A WOMAN who stabbed a man in an unprovoked attack in the street has been locked up for 18 months.
Burnley Crown Court heard how Claire Gregory plunged a knife into Anthony Smith’s hip after he spotted her with his stolen pedal cycle. Gregory, who had had a cocktail of cider and ecstasy, told the victim she was going to sell it for drugs and then lunged at him.
Mr Smith felt a sharp pain and was left bleeding heavily. He later told police he feared for his life during the assault in Nelson last August and thought Gregory was aiming at his chest.
The defendant (29), of Gibfield Road, Colne, admitted theft, possessing an offensive weapon, wounding and damage.
Mr David Macro (prosecuting) said Gregory took the cycle from a back yard. A few days later, Mr Smith came out of his house to go on his motorbike and saw Gregory pushing his cycle.
He asked her: “Where are you going with that? Can I have it back, please?” The defendant replied: “I don’t think so. I am going to get some drugs for it.” Mr Smith told Gregory she wasn’t, at which point she “flipped,” began screaming and shouting and threw the motorcycle down.
Mr Macro said Gregory then lunged at Mr Smith and stabbed him in the left thigh/hip area with a six-inch blade. As the victim made his way home, the defendant went back towards him with the knife and the victim thought he was going to be stabbed again. Mr Smith managed to get into his home and shut the door. He called the police, went back outside and the defendant had gone. Mr Smith felt sick, dizzy and was losing a lot of blood. He was taken to hospital for treatment and afterwards was in pain and had trouble walking.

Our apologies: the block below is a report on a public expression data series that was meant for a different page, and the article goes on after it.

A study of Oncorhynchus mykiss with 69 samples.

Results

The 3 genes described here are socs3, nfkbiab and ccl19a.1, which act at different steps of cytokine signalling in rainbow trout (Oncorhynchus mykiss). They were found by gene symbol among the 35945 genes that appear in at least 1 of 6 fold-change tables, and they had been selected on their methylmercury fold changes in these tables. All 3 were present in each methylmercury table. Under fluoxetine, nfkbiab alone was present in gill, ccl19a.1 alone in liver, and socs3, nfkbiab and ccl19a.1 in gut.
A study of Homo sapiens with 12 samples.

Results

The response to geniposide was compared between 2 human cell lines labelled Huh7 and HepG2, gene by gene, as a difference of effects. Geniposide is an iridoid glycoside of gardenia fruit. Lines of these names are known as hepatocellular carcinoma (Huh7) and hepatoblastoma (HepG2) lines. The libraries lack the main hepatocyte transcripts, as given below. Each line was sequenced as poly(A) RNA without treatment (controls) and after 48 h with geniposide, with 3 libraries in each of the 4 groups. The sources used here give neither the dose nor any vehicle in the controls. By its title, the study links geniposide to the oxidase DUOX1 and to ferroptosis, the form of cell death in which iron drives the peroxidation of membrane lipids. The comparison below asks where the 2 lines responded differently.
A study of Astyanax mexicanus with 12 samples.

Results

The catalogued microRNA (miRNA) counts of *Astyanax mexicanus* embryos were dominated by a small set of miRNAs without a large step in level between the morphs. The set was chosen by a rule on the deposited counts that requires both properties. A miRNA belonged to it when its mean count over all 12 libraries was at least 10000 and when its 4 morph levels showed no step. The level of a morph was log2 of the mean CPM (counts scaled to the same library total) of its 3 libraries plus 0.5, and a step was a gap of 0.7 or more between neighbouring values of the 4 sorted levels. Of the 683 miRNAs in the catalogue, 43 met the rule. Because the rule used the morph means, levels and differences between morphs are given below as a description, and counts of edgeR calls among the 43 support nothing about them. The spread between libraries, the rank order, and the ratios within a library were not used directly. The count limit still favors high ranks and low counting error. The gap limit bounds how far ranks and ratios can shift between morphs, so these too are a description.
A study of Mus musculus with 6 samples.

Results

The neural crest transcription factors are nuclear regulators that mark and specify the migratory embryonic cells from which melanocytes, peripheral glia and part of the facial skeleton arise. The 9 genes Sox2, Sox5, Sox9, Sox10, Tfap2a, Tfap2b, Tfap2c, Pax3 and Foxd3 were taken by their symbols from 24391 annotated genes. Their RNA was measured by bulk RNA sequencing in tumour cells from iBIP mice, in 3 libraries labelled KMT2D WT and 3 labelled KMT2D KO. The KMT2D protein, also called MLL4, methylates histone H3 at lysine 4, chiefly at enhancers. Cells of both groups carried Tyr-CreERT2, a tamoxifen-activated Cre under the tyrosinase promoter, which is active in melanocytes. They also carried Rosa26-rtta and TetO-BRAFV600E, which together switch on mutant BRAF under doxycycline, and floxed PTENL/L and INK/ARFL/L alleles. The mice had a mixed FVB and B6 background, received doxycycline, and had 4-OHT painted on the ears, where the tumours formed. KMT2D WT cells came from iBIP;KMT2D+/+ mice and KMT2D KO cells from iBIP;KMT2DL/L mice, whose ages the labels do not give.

The hearing was told Gregory caused more than £400 damage, including to the brakes, to the motorcycle by pushing it over. That caused the victim to have an accident and suffer even more injuries. Gregory had a previous conviction for possessing an offensive weapon.
Miss Laura Barbour, for Gregory, said she had significant mental health problems and was on medication.
She had taken cider and ecstasy and this was her first violence offence. SInce the defendant had been in custody, she had undergone short courses to address drugs and alcohol misuse.
Miss Barbour added: “She was a young woman really not in her right mind.”
Sentencing, Judge Beverley Lunt told Gregory what she had done was very dangerous and while the injuries to Mr Smith were not life-threatening, they were serious.
The judge said: “I appreciate you had some mental health problems, but you exacerbated these by acting under drugs and drink.”